Faith and Acceptance

Dear Nephew,

Just hearing the diagnosis has been enough to send all of us who love you bouncing between the bottomless pit of swirling fear and despair and a stunned disbelief. When we settle into reality it doesn’t always feel better. In fact, each medical phone call and office visit can be an assault of predictions…every one hemmed in by limits of time, resources, expected results…

Moving beyond the diagnosis takes both faith and acceptance. The balancing act on this tightrope is sometimes hard to maintain when our thoughts play chase with our feelings.

Still, I have faith. I can live with the satisfaction that in each moment, the best is being done for you. I know that belief and attitude play a huge role in healing. And I believe in our bodies are able to correct themselves given the right nutrients, environment and alternative methods. And I also give credence to modern medicine. Chemotherapy and radiation combined with all other methods have allowed many of our friends and family members to live beyond cancer.

Faith in all that we have at our disposal is a given. But what about acceptance?

I am not trying to move toward acceptance of death or loss…life brings death and loss to us all and we are foolish to struggle against the inevitable. But the concept is too huge to accept when I look at you.

So I am working toward acceptance of what each day brings.

I know that resistance takes every issue from a pebble to a mountain. My mind can whirl into the pit or run gasping for the light, spinning stories on its way. Stories of doom or glory – each as false as the other.

So I move toward minute-by-minute acceptance. I can accept that each decision is for your well-being right now. It isn’t a final indictment. Choosing one treatment does not preclude another and may not be the ultimate solution. A low day doesn’t mean that a good day won’t follow.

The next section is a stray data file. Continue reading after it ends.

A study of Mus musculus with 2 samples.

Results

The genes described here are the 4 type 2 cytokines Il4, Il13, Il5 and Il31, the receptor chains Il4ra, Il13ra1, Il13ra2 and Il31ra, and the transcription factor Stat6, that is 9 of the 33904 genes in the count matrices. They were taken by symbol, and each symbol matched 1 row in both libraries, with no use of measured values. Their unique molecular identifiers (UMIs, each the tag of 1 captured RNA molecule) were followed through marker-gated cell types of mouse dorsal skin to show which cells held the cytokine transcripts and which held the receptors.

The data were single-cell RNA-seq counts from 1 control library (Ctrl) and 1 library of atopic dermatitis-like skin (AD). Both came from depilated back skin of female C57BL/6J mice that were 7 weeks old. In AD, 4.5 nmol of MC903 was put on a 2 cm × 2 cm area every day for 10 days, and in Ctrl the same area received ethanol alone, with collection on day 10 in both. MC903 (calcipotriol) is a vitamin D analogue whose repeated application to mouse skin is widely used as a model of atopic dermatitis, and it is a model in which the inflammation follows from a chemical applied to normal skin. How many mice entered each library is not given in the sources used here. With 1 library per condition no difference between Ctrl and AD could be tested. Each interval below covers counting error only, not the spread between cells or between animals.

Acceptance soothes me. When I  breathe in and out and hear about your day, acceptance keeps me in a comforting calm and lets me recognize that you are tired, or that you are happy, or that you are sad, and that I can be with you where you are without transporting both of us to some future place in time.

Acceptance lets me hear your opportunities for treatment and know that the best options will work their way to the fore. It helps me lay aside my (always) strong opinions and leave it to you to decide which paths to take. And when I can’t be there and I don’t have moment-by-moment updates, acceptance helps me know that you are using your energy for healing and that my knowing all the details is not necessary for your well-being.

When I am here and you are there, I remind myself that you are living your life, dear Nephew. And that your diagnosis is not your life. It is a determination of what is happening to you for now, but is not who you are.

I can accept that difference and have faith with you.




  1. “Let us for once be pessimistic of our intellect and instead be optimistic of our faith.”

    The author of that quote is a young friend of my son’s age who is a paraplegic due to an automobile accident. Despite that condition he lives a full life and for me particularly is a delightful companion whenever either I go over to his place of business or home or when he comes to visit us. This is the statement that he repeats often to people who get maudlin in his presence.